Net Censorship

Net Censorship Most of us have used it. Most of us find it useful, Some of us find it entertaining. Some of us find it offensive. It is the Internet. The Internet has dramatically changed our society. It brings together people and their ideas from all around the world in a short amount of time. It is expanding daily to allow new ideas and thought s to be transmitted quickly and easily with the single click of a button. One can find information on almost any subject there.

Yet many people are trying to censor it. The Internet contains racist thoughts, sexually explicit material and much more inappropriate material. But who is it inappropriate for and why should it be censored? In 1996 the Communications Decency Amendment was passed by congress. This amendment imposed a $100,000 fine or a 2-year jail term on anyone who used the Internet to annoy, abuse, threaten or harass anyone else. Pro-censors believed the act to be necessary in order to extend the standards of decency to the new telecommunications device. Anti-censors thought the amendment was acting like the thought police.


A meeting recently took place at the White House about this subject. Several industry leaders and the government agreed to try to originate a variety of systems to block and regulate controversial online speech. Despite the Supreme Court these leaders are inching toward the dangerous and incorrect understanding that the Internet is like television and should be rated and/or censored. During this meeting many announcements took place. Netscape, a major online server, proclaimed their plans to join Microsoft, a major computer company, and adopt the Platform for Internet Content Selection (PICS). PICS is a rating standard that established a consistent way to rate and block online content.

IBM also had an announcement: They have decided to make a $100,000 grant to Recreational Software Advisory Council (RSAC), another rating system. They did this in hopes of encouraging its use. Senator Patty Murray of New York announced of a proposed legislation that would tax civil and ultimately criminal penalties on those who mis-rate a website. What will be the result of all these actions? The Internet will become bland and homogenized. The major commercial sites will still be readily available but those who circulate quirky and idiosyncratic speech, those who create their own home pages or post to controversial news groups will be the first to be blocked by filters and made invisible by the search engines.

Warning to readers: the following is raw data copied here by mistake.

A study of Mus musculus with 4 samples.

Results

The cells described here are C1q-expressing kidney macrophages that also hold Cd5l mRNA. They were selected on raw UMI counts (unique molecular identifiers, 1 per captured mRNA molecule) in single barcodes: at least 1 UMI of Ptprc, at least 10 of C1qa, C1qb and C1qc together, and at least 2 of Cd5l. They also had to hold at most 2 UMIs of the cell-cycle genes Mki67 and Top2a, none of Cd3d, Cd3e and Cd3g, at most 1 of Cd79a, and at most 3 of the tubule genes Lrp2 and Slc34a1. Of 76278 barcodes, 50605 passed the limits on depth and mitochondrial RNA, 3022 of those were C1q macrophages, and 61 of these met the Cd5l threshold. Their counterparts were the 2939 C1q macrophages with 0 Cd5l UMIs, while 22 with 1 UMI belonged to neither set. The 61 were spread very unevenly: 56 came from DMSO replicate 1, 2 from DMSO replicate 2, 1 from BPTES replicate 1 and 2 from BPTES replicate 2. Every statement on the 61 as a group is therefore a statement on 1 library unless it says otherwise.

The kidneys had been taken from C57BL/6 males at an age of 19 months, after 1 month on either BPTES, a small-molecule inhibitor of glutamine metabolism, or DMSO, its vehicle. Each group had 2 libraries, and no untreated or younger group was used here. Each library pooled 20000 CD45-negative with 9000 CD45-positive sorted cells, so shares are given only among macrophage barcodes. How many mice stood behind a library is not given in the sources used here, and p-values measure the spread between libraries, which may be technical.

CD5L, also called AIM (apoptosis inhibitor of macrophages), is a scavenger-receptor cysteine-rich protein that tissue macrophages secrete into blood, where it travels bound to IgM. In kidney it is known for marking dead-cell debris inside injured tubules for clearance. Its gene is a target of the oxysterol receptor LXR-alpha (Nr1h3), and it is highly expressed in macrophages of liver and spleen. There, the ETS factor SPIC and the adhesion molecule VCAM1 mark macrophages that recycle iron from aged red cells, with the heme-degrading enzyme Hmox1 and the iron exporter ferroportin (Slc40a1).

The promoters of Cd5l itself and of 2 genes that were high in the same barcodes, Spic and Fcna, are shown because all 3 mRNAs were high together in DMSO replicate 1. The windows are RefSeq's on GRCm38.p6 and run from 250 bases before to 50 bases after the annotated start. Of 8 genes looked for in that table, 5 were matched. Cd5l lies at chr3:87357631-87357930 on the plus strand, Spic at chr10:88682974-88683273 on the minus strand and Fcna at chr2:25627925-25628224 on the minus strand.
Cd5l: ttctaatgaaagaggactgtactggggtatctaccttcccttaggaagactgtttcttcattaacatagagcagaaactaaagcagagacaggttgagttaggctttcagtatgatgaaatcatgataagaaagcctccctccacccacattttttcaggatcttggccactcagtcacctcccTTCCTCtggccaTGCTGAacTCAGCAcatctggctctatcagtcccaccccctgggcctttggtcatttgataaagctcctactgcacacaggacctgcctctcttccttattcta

They will still be there but available only to those with the know how and the tools. Does this material deserve to be censored anyway? Internet users know best what they are looking at. If it offends them, they should move on. The primary responsibility for determining what speech to access and what speech not to access should remain up to the Internet user not filters. Many parents have a problem with their children and the Internet. There are many suggestions and ideas for controlling what they are viewing.

The parents should also have they computer in a room where they can look over the childs shoulders every once in a while to check up on them. The parents should put time restrictions on usage of the computer. There are many solutions to this problem. In conclusion the Internet is a quickly growing addition to our culture., It informs, entertains and can possible offend. But with the Supreme Courts ruling, no one should be allowed to censor it. The Internet is a never-ending worldwide conversation that deserves the highest protection from government intrusion.